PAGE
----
Steve Gansey's contract to coach the Mad Ants expires July 1. His lease on a Fort Wayne apartment expires that month, too.
Like the Mad Ants' players, Gansey is in a difficult-to-navigate state because of the coronavirus pandemic.
This isn't to imply the Indiana Pacers, who own and operate the Mad Ants, won't want to bring back Gansey after this season. He has a 123-120 career record, and a 1-3 playoff mark, with Fort Wayne.
It's just that a season in limbo has G League personnel unsure of several things, including: If the season will continue or be canceled; when a decision will be made; and how this will affect job prospects for next season.
“There are just a lot of questions and you just don't know,” Gansey said. “The thing that hurts me the most is that the fans, the people that I became friends with and have really good relationships with, I didn't get to really talk to those people the last game or anything and give them an update or anything. That's the tough part because who knows? That might be the last time I see them in that regard. I hope not, but we'll just see what happens.”
The Mad Ants were 21-22 when the season was halted March 12, hours after they won 113-103 at Grand Rapids, Michigan, for their third straight victory. They had seven games left in the regular season, including two at Memorial Coliseum, as they tried to get back to the playoffs for the first time since 2018.
They were trying to become the first G League team to lose its first six games and still make the postseason. That didn't seem likely until last month; the Mad Ants were one game back of the sixth and final playoff spot in the Eastern Conference when play was suspended.
“I liked the direction that we were going into,” said Gansey, in his fifth season as the Mad Ants' head coach, not including 35 games as interim coach in 2011-12.
“We had a couple back-to-backs the rest of our schedule, but I liked the way that we were playing. Guys were jelling and buying in. They had the attitude of just, 'Hey, let's do what it takes to win. Put our egos aside, be unselfish, and just sacrifice for what's best for the team.' It was great.”
Normally, when the Mad Ants' season is over, Gansey moves to Indianapolis and assists the Pacers' coaching staff during the playoffs. With the NBA season on hold, too, Gansey has used the down time to look at film, work on practice plans, study and develop plays, and hone his coaching communication tactics.
“I'm trying to stay as busy as possible,” said Gansey, 34. “There are a lot of things that you want to get to, that you write down, throughout the season that you want to maybe check out when you have down time. ... Now I actually have the time to look at certain things, like zones and matchup zones, things we've seen this year and played against or implemented in our scheme, both offensively and defensively.”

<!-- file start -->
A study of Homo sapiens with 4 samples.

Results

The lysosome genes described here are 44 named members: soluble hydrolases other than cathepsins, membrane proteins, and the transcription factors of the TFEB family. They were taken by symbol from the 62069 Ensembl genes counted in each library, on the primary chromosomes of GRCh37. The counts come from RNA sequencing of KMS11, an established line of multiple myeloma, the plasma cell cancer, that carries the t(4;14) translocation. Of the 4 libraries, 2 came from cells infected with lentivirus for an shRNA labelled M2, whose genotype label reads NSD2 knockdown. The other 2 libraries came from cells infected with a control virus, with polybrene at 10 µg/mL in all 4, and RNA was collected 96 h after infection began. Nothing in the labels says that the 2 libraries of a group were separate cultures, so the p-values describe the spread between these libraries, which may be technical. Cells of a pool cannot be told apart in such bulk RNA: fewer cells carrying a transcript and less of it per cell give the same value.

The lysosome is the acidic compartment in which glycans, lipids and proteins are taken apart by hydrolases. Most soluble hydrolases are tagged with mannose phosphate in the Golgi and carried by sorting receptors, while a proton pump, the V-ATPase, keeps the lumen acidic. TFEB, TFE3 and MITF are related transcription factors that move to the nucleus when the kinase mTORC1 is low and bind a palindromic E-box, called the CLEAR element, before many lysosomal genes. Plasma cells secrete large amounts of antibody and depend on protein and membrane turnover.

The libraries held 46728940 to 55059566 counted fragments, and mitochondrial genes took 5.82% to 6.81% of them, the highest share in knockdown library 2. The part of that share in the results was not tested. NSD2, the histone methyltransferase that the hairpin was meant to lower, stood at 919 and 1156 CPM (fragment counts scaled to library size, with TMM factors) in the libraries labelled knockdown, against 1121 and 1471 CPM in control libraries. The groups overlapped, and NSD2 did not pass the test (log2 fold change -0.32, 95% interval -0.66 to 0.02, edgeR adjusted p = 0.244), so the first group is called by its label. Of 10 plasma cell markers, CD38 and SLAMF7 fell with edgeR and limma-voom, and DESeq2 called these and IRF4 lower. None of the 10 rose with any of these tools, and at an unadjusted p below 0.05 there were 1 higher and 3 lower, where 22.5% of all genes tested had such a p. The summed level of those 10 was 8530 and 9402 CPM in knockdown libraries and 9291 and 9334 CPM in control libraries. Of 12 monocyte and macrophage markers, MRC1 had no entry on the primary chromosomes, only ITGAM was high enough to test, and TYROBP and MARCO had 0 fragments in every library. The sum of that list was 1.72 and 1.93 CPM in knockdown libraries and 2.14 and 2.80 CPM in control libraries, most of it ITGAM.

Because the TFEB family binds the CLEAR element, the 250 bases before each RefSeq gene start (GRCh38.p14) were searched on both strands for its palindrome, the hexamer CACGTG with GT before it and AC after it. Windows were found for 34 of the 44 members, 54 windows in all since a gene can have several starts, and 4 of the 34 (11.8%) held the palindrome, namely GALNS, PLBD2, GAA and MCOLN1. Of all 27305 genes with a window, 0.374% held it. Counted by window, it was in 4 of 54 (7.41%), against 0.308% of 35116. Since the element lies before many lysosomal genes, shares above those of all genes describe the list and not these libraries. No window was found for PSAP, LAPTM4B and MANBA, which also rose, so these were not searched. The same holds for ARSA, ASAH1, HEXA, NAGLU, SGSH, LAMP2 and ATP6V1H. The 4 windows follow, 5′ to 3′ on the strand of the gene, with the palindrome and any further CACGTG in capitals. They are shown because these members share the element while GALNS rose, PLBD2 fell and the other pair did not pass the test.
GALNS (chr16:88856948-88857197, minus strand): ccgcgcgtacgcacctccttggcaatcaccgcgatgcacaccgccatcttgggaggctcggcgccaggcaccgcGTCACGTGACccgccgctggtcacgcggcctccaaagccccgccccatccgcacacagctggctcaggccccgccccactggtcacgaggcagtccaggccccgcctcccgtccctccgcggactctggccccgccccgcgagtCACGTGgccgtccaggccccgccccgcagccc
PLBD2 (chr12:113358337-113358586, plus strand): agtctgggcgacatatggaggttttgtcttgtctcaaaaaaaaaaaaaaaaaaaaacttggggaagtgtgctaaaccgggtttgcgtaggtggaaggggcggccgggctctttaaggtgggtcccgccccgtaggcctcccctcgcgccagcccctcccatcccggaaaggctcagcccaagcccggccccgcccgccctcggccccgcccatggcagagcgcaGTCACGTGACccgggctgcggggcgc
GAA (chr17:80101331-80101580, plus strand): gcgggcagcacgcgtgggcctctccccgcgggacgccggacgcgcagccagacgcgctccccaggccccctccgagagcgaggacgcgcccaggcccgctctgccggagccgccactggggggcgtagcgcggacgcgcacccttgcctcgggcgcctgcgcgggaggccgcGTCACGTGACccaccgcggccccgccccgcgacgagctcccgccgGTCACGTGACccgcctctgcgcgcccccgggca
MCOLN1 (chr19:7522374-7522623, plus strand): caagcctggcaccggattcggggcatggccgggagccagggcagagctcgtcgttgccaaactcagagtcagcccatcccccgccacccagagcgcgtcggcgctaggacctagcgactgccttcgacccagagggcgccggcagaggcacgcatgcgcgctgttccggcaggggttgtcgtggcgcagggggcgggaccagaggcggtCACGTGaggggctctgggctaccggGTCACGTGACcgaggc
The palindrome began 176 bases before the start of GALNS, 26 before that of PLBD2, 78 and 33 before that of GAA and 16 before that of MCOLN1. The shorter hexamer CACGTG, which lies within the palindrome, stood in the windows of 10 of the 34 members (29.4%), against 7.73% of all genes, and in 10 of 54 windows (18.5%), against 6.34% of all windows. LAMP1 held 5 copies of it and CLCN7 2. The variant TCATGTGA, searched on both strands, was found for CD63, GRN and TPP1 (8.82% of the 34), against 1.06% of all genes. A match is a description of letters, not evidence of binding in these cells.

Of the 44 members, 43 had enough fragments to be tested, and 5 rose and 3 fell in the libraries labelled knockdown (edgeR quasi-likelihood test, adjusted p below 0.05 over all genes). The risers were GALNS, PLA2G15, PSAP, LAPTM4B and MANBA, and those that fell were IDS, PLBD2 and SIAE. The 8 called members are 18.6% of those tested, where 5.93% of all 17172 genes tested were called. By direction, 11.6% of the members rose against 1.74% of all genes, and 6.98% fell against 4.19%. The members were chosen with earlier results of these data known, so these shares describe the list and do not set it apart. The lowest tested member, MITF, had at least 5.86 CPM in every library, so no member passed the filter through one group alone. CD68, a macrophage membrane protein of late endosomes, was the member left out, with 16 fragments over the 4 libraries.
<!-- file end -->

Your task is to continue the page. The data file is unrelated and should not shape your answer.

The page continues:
Like most sports fans, he's been watching vintage games at home. Among them were the Mad Ants' 2014 championship-winning game, during which he was Conner Henry's assistant coach. There was a text chain, analyzing the game, that included Henry and former Mad Ants President Jeff Potter.
“Before you know it, there are five of us watching the game,” Gansey said. “I was like, 'Man, I have a lot of observations right now as I watch this. Why didn't I put Tony Mitchell in earlier? What are the plays we were running?' Just some random things.”
He also queued up West Virginia games from when his brother, Mike, was a star Mountaineers player from 2004 to 2006.
“I always enjoyed those, ... but the last time I saw them were 10 years ago. Now that I've been coaching for 10 years, you kind of look at it in a different perspective,” Gansey said. “So I was calling my brother and asking, 'Hey, what'd you guys call this one play?' He's like, 'Shoot, I don't remember.'”
This season's Mad Ants had plenty of highlights to mull, too, including the comeback from 35 points down to beat Canton, which set a G League record.
Walt Lemon Jr. led the Mad Ants with an average of 20.3 points, 6.8 assists and 4.4 rebounds over 39 games. A Pacers prospect, Alize Johnson, who played 19 G League games, averaged 20.1 points and 12.8 rebounds. Brian Bowen II, also a Pacers player, averaged 16.1 points and 7.7 rebounds over 29 games with Fort Wayne.
The Mad Ants' goal heading into the season was to make the playoffs. It was – and is – still a possibility.
“The season always has different challenges and different situations that happen,” Gansey said. “You're trying to get a group of really good basketball players from an individual standpoint to play all together and just try to figure it out.”